JIS News

Dr. Michael Taylor, researcher and lecturer in the Department of Physics at the University of the West Indies, has said that it is possible and feasible to forecast climate changes in the Caribbean.
Dr. Taylor, who has put forward his proposal in a paper entitled: ‘Production of Seasonal Forecasts and Climate Change Scenarios for the Caribbean’ noted that it was feasible to forecast climate change in the Caribbean, because the region had an average climate, with the wet season being between May and November.
His proposal is the basis of a collaborative research involving scientists from Barbados, Trinidad and Cuba, and is being funded in part by the CARICOM Climate Change Centre.
Dr. Taylor, who last year received the Young Scientist/Technologist Award from the Scientific Research Council for his work, has posited that climate forecasting was crucial to the agriculture and energy sectors, as there was need for these sectors to adapt to climate changes.
Defining climate change, Dr. Taylor explained that this was attributed directly or indirectly to human activity that altered the composition of the global atmosphere and, in addition to natural climate variability, was observed over comparable time periods.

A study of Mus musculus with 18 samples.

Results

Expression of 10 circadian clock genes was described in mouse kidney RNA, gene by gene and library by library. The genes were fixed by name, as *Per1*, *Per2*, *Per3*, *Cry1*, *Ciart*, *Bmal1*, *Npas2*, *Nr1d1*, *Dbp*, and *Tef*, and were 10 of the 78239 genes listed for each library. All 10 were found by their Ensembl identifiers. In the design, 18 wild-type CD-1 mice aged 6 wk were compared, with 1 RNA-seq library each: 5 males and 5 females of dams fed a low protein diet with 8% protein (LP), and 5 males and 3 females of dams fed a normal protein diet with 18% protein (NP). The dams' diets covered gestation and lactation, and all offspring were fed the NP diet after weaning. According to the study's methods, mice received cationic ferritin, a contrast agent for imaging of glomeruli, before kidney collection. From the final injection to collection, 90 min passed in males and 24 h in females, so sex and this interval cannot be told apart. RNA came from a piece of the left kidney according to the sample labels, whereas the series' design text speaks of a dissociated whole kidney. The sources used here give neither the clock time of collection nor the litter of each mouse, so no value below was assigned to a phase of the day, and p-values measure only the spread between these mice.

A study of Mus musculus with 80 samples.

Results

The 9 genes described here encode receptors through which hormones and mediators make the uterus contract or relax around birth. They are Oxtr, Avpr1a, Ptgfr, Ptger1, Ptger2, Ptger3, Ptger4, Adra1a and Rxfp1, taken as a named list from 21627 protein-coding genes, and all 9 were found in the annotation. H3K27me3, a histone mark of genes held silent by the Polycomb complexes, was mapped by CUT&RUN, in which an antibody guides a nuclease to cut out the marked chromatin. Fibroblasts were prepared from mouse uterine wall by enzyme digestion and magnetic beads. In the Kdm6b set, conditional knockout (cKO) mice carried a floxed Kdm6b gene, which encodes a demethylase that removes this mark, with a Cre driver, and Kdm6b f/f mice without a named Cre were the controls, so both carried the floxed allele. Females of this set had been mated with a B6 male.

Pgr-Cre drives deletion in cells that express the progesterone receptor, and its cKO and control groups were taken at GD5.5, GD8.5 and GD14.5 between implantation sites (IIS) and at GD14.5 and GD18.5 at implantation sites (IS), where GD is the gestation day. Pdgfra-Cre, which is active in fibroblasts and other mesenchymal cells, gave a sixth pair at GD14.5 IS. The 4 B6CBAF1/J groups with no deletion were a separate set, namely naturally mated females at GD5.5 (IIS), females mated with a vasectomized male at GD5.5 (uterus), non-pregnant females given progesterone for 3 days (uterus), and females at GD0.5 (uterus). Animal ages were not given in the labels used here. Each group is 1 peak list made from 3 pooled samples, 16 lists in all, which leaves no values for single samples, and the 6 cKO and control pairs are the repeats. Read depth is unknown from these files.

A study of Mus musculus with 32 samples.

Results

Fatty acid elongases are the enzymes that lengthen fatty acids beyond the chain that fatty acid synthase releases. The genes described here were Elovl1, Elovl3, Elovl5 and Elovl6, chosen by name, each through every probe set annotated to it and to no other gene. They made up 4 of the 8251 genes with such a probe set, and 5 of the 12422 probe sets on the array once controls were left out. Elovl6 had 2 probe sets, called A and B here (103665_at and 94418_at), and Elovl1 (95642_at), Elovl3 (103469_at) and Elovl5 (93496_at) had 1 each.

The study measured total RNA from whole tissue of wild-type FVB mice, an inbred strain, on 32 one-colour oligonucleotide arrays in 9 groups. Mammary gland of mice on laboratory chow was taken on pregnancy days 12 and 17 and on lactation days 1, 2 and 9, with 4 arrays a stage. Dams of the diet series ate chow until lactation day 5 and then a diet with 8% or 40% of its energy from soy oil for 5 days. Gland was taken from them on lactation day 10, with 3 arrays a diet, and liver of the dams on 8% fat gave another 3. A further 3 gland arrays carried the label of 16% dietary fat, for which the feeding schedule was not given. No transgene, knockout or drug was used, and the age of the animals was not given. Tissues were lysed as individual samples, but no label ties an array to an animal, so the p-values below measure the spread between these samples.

Pointing to environmental challenges that countries such as Jamaica would face as a result of climate change, he mentioned more intense tropical storms, floods, reduced fresh water supplies, and a rise in sea level.
He said that seasonal forecasts and climate change scenarios would make it feasible to ascertain how best to mitigate the effects on agriculture and other sectors, by providing quarterly forecasts.
“The research is at the level where we should be able to produce a three-month forecast prior to the three-month season, giving an idea of what the rainfall and perhaps temperature will be within the region,” Dr. Taylor informed.
He pointed out however, that generating the possible scenarios would be a little different. “Long term climate change.looking at the Caribbean climate 50, 75 or 100 years into the future.this is done under various scenarios, some emphasizing a renewable energy future, and some emphasizing carbon dioxide emission increase and decrease,” he pointed out.
He explained further, that the “Caribbean model also shows between a one and three degree increase by the year 2075,” which he said, could be attributed to global warming from carbon dioxide emissions.
In terms of the effect on agriculture, Dr. Taylor noted that, “if we can forecast the climate, it would enlighten the agricultural sector and enable planning. Certainly, climate generated scenarios would afford long-term planning for the sector. Perhaps if it gets too hot we would need to switch crop varieties.”
“As it is, we are a climate sensitive region, the past hurricane season will attest to this. Even just prolonged periods of rain will affect us,” he emphasized.